I have a problem with a voltage divider circuit. I'm not an electrical engineer, so I am having some trouble finding a solution. I have a circuit with ACS712 30A and another with a precision amplifier (INA125p) and both work properly. The problem is that both circuits give me an analog signal of max 5V. I have a microcontroller (msp432) that accepts an analog signal of max 3.3V. To solve this problem I have done another circuit that implements two voltage dividers. The problem is that when I link the voltage divider circuit, neither of the analog signals have the expected value. In particular when I use the ACS712 circuit, and nothing is attached at the circuit, I measure a voltage of 2.48V, but when I attach the voltage divider circuit, at the same condition, I expect to read a voltage of 1.6V, but in reality I read a voltage of 0.6V. Can someone help me find where I'm wrong?
This is a common problem with voltage dividers when you feed the value into something which does not have a high enough resistance.
As you see in the above circuit, without the load the divider gives you half the applied voltage. With the load in parallel with the bottom resistor, you get 1/3 the voltage.
You can significantly reduce the resistances you use for the divider so they are much smaller than the load resistance to reduce this effect, or you can buffer the voltage with a voltage follower circuit.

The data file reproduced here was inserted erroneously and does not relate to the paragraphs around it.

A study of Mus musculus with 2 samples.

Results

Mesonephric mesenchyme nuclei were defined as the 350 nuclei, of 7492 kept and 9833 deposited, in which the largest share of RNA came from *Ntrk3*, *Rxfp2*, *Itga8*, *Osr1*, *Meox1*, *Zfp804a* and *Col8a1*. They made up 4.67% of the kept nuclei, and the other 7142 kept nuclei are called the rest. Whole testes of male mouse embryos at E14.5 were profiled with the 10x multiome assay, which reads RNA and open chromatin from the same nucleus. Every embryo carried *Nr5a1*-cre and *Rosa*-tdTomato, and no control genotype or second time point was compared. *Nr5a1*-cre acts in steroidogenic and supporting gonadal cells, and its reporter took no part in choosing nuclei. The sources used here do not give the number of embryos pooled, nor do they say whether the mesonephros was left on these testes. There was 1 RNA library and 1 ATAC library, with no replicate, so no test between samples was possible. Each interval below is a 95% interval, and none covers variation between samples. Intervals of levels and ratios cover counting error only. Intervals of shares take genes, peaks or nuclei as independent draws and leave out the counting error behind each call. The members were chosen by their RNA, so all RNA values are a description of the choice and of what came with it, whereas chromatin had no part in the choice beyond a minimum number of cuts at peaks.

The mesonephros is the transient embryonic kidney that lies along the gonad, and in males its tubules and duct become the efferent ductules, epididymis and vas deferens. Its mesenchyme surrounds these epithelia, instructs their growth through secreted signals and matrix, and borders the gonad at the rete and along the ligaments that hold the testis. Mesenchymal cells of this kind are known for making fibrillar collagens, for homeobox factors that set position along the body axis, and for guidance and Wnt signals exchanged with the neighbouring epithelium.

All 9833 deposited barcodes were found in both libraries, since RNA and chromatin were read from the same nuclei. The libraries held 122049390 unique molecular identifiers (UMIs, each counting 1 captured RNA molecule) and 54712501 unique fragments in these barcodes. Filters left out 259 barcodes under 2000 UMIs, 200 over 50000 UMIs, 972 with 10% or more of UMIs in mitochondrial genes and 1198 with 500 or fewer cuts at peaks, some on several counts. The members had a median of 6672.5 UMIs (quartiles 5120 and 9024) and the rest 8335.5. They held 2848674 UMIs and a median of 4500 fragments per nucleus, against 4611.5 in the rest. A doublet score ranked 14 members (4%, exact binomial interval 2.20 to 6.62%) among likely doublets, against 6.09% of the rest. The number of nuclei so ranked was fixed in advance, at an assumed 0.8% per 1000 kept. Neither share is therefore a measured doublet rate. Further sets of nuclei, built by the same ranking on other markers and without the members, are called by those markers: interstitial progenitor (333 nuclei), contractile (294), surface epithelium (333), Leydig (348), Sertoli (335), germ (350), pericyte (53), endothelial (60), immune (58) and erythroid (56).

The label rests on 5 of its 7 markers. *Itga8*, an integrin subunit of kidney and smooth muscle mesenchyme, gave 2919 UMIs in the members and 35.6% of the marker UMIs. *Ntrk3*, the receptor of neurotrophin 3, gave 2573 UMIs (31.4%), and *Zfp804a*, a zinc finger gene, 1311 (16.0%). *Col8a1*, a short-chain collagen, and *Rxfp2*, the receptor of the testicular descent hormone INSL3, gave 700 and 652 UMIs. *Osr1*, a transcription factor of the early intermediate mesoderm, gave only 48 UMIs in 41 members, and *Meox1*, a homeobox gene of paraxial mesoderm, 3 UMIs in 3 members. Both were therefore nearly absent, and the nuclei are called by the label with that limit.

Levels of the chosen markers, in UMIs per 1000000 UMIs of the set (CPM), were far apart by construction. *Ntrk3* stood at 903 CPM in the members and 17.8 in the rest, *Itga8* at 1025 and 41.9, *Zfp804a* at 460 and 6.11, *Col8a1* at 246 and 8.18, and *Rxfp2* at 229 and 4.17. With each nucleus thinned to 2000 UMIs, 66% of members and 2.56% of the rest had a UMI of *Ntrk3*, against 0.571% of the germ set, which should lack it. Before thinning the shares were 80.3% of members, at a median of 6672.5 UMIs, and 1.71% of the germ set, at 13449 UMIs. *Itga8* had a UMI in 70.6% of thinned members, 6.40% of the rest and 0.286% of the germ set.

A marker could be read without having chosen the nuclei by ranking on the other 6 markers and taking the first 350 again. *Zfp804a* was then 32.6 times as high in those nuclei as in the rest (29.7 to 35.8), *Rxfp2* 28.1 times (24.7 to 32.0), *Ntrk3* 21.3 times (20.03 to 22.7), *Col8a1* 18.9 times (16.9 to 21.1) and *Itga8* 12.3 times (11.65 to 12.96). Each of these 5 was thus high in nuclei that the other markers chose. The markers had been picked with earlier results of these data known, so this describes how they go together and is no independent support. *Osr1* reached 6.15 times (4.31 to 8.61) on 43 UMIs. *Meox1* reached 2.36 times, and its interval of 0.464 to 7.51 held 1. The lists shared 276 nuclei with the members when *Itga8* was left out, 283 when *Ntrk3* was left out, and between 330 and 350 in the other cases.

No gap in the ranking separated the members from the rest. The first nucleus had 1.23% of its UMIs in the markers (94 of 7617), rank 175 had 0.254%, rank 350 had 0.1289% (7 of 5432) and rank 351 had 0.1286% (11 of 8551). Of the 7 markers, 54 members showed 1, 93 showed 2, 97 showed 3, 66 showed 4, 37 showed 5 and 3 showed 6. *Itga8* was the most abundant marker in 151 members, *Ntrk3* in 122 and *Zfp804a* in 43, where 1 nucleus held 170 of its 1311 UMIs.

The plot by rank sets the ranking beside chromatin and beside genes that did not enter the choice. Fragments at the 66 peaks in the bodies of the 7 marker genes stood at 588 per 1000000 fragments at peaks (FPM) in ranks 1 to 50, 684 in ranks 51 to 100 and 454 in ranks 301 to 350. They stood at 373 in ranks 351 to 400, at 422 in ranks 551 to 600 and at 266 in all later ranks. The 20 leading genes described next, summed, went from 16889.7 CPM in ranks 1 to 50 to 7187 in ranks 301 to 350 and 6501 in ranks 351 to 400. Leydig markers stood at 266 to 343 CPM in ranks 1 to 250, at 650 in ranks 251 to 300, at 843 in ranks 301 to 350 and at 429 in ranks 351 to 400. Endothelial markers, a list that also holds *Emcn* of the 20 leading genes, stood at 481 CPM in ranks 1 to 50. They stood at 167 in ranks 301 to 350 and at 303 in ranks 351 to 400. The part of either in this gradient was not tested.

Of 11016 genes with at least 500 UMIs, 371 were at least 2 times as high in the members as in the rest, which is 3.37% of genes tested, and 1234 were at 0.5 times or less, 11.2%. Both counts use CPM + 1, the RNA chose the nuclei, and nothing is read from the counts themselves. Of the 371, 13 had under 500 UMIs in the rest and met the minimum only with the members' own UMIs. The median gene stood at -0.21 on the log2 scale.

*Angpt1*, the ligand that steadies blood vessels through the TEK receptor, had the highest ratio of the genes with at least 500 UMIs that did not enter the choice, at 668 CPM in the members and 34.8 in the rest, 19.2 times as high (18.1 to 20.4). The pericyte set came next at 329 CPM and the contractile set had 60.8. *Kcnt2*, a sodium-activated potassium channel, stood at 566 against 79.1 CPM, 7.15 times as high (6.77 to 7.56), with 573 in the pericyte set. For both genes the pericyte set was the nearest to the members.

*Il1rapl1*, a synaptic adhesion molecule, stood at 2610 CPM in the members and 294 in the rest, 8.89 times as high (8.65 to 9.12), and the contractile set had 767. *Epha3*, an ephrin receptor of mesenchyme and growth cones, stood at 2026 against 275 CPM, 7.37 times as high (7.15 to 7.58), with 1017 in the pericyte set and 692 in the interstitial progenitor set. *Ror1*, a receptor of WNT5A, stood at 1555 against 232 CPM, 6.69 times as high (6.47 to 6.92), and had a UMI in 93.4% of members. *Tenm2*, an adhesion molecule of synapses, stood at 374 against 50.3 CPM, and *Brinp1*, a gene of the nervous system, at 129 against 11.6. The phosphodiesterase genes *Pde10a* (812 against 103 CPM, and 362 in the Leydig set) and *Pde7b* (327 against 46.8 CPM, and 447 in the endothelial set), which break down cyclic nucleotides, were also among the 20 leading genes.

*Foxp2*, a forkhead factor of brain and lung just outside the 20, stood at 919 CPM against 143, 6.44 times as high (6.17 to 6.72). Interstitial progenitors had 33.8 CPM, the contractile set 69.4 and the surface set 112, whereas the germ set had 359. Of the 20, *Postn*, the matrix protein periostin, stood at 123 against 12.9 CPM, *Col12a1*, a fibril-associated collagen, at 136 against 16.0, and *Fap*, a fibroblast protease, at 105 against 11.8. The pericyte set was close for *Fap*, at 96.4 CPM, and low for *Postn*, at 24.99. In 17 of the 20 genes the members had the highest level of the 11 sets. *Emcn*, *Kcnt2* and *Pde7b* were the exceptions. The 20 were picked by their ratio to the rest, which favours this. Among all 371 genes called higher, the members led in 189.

Now you have added a schematic it is apparent your problem is your resistors are far too small. \$232\Omega\$ will draw over \$20mA\$ from 5V, but your IC can only deliver 10mA. As such your divider is pulling down the output.
Use something like 82K and 150K resistors.
The voltage follower is a good start to resolving this issue. But in order to get values that cross 0V (or even just approach it), you'll need a dual supply (+12V, -12V) for the op amp voltage follower. If you don't use a dual supply, you'll get an offset voltage, just enough to throw off your expected output by around .6V to 1V
After this op amp, you'll need a second op amp to scale and balance the output in order to prepare it for the next stage. Generally, there will be four equal resistors in a non-inverting adder configuration, and an offset voltage.
After this, you scale again (a second voltage divider) with the input load impedance included (from the next stage) calculated into your circuit. You can find this on the data sheet, where it shows the input resistance/impedance.
Finally, you can model every bit of this in LTSpice before you build it.